The Admission Essay

Brett Whitmarsh’s Quinnipiac Statement Aug. 2009:

The clock is ticking at WCSH 6, the NBC television station in Portland, Maine, where I work. As I sit at my desk in the newsroom, the big digital clock reads 6:50; ten minutes before the show I produce goes on the air live across the state. As the seconds tick away, I think of the suspenseful beeping of the famous clock on the TV show, “24”. This newsmagazine show is called “207”. If you are not from Maine, the name might seem odd to you, but Maine has only one area code, 207.

The computer screen in front of me displays my “I-news” scripts, and I decide to print them. At this point in the evening, I am either going to feel very confident or very nervous about the show that is about to be broadcast. “207” has been on the air nearly six years, and I have been here from the start. I was brought in a week before the dawn of “207” as the field producer for the show and also for a second weekly show, “Bill Greene’s Maine”.

Before Portland, I worked at a 24-hour news channel, Capital News 9, in Albany, New York as a news photographer and live truck operator for a year and a half. After being in Albany for only a few weeks, the station sent me to New York City to work for their more famous sister station, NY1, for a few weeks. Those weeks set the tone for the time I spent in New York and also taught me some valuable lessons. My first live shot landed me in the center of Times Square. Sadly that shot was cut short by a technical glitch within the truck, which caught me off guard. I had been adequately trained how to run a live shot, but not how to fix the truck when it didn’t work. At that moment I learned two things: always have a back up plan and that the more I knew about everything, the better off I would be in life. Simply put, knowledge is power – the power to go anywhere and do anything and to get the job done right.

The clock back in Maine now reads 6:55. It is still ticking and I have not seen or heard from my director. A small moment of panic washes over me as I decide if I could direct the show if I needed to, and yes, I feel confident that I could. Relief arrives when I hear my director’s voice from behind me asking for his scripts. My next thought focuses in on my two anchors, more specifically, where are they? I decide it’s time to get into the control room and wait for them there. I have known them both for six years and they like to cut it close. Sometimes I think it gives them a little thrill to make me nervous.

I sit in the control room and stare at an even bigger digital clock, 6:58 and still no anchors. Could I anchor the show if I needed to, yes. My face would not be unfamiliar to viewers. Over the years I have been a reporter, writer, photographer, and editor. In fact, I edited all the video in tonight’s show. I might even go so far as to say that I know this particular show better than anyone.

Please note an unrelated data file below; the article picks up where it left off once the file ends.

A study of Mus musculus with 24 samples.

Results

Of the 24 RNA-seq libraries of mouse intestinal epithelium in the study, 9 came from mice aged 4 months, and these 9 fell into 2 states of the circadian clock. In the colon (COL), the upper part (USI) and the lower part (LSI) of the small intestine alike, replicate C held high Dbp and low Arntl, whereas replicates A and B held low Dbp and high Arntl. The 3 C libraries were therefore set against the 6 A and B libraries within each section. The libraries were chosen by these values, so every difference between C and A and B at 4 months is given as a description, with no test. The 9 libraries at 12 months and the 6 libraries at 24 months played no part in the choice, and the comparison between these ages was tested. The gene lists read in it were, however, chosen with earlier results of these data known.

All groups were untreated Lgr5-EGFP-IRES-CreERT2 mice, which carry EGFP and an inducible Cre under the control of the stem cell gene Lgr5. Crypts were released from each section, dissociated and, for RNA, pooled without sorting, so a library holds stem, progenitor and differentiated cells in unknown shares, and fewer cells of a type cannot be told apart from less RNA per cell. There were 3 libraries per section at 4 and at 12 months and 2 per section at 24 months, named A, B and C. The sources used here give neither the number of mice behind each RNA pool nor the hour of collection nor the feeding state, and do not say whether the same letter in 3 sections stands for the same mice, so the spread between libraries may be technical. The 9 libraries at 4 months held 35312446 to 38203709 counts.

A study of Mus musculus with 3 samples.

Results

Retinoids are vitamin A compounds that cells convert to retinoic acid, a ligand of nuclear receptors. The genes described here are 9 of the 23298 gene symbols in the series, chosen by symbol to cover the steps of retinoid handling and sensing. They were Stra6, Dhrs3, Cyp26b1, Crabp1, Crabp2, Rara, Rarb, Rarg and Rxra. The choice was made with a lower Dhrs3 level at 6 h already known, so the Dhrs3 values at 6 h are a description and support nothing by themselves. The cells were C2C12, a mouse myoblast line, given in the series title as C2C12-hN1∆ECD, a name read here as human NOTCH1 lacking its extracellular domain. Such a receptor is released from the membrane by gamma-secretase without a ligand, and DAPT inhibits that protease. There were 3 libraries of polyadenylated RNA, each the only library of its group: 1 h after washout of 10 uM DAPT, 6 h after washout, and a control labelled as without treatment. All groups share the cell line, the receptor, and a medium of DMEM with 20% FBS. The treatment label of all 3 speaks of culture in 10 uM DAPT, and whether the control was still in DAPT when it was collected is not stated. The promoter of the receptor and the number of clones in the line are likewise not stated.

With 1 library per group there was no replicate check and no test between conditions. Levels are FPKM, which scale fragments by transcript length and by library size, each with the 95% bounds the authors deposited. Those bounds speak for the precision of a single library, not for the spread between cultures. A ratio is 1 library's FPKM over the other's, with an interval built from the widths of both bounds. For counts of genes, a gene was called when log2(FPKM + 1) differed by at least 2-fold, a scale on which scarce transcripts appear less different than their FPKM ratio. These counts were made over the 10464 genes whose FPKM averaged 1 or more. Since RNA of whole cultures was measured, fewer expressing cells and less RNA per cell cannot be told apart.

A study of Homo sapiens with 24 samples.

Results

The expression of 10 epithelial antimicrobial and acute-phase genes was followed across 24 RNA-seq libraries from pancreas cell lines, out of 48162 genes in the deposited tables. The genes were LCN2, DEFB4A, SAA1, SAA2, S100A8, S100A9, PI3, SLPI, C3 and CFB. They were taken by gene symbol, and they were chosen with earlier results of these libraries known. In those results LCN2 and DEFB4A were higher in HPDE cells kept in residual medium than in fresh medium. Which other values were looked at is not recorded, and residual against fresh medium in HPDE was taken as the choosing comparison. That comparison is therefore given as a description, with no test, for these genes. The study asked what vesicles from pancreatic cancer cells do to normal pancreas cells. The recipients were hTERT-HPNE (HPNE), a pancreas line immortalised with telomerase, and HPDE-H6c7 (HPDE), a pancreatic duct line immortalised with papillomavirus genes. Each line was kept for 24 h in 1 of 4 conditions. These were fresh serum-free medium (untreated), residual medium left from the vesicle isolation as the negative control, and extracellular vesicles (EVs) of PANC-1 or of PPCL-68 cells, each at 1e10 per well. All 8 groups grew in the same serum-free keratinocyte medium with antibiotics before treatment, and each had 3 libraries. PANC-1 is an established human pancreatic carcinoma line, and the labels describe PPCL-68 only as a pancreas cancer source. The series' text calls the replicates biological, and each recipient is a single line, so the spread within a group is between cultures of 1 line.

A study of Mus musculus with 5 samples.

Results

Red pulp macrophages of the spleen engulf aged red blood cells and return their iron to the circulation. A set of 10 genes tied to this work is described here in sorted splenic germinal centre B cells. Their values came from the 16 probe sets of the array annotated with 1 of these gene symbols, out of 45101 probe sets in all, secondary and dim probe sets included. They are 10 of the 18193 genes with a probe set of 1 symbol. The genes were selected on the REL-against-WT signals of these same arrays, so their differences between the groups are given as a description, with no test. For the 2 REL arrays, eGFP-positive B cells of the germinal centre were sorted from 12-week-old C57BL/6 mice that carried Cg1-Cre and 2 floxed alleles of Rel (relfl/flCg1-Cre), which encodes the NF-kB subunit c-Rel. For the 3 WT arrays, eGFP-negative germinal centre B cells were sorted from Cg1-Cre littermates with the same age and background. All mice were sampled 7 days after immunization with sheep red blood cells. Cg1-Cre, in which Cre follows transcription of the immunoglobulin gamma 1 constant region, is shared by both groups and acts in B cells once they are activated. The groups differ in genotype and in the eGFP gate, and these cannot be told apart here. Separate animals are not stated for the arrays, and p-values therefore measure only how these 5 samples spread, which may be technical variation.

At 6:59 the anchors are settling in, cracking a few jokes with each other. They have a brilliant chemistry together, not to mention they look good sitting next to one another. My final thoughts before the show cover a wide range of topics. Is the blog up? Did we activate the recipe on the cooking section of our website? Are all the links on the site working properly? Did I stream the right video for tonight’s show? Does everyone have what he or she needs and are they where they need to be? The answer to all of this is yes because I have been working throughout the day to ensure that all is going well, but I never stop worrying until 7:30 when the show ends.

Tonight’s show starts at 7 with a great story on a guy in Boothbay Harbor who makes lobster ice cream, then comedian Bob Marley has everyone in stitches as he makes funny faces. A cooking segment follows featuring a delicious stuffed salmon recipe. Finally, we bring it on home with a rockin’ band all the way from Scotland.

There is so much more I want to do with this show using new techniques and following new directions; however, there are things I want to do in communications beyond this show. When “207” fades to black for the last time, my goal is to make a transition to education and teach at the college level. I have had great opportunities and varied experiences in my career and education in this industry. I would like to share that knowledge and those experiences with others, to help shape journalists, broadcasters, and producers of tomorrow. The online master’s degree program at Quinnipiac will give me the tools I need to move forward with my career.

Quinnipiac offers the right program for me because it will allow me the flexibility to continue to produce the show I love from the state of Maine while earning my master’s degree. The design of the structure of the Interactive Communications Degree Program from Quinnipiac will give me the further education that I need to be a more effective professional in the communications field.

I hope to be looking at a different clock in my future, one in a classroom where I will be running through a mental checklist deciding how much more I can fit into my class schedule before letting the students go for the day.

This is my moment to move forward, the right time for me to acquire my master’s degree. Quinnipiac University and the Interactive Communications Masters Degree seems well tailored to my goals.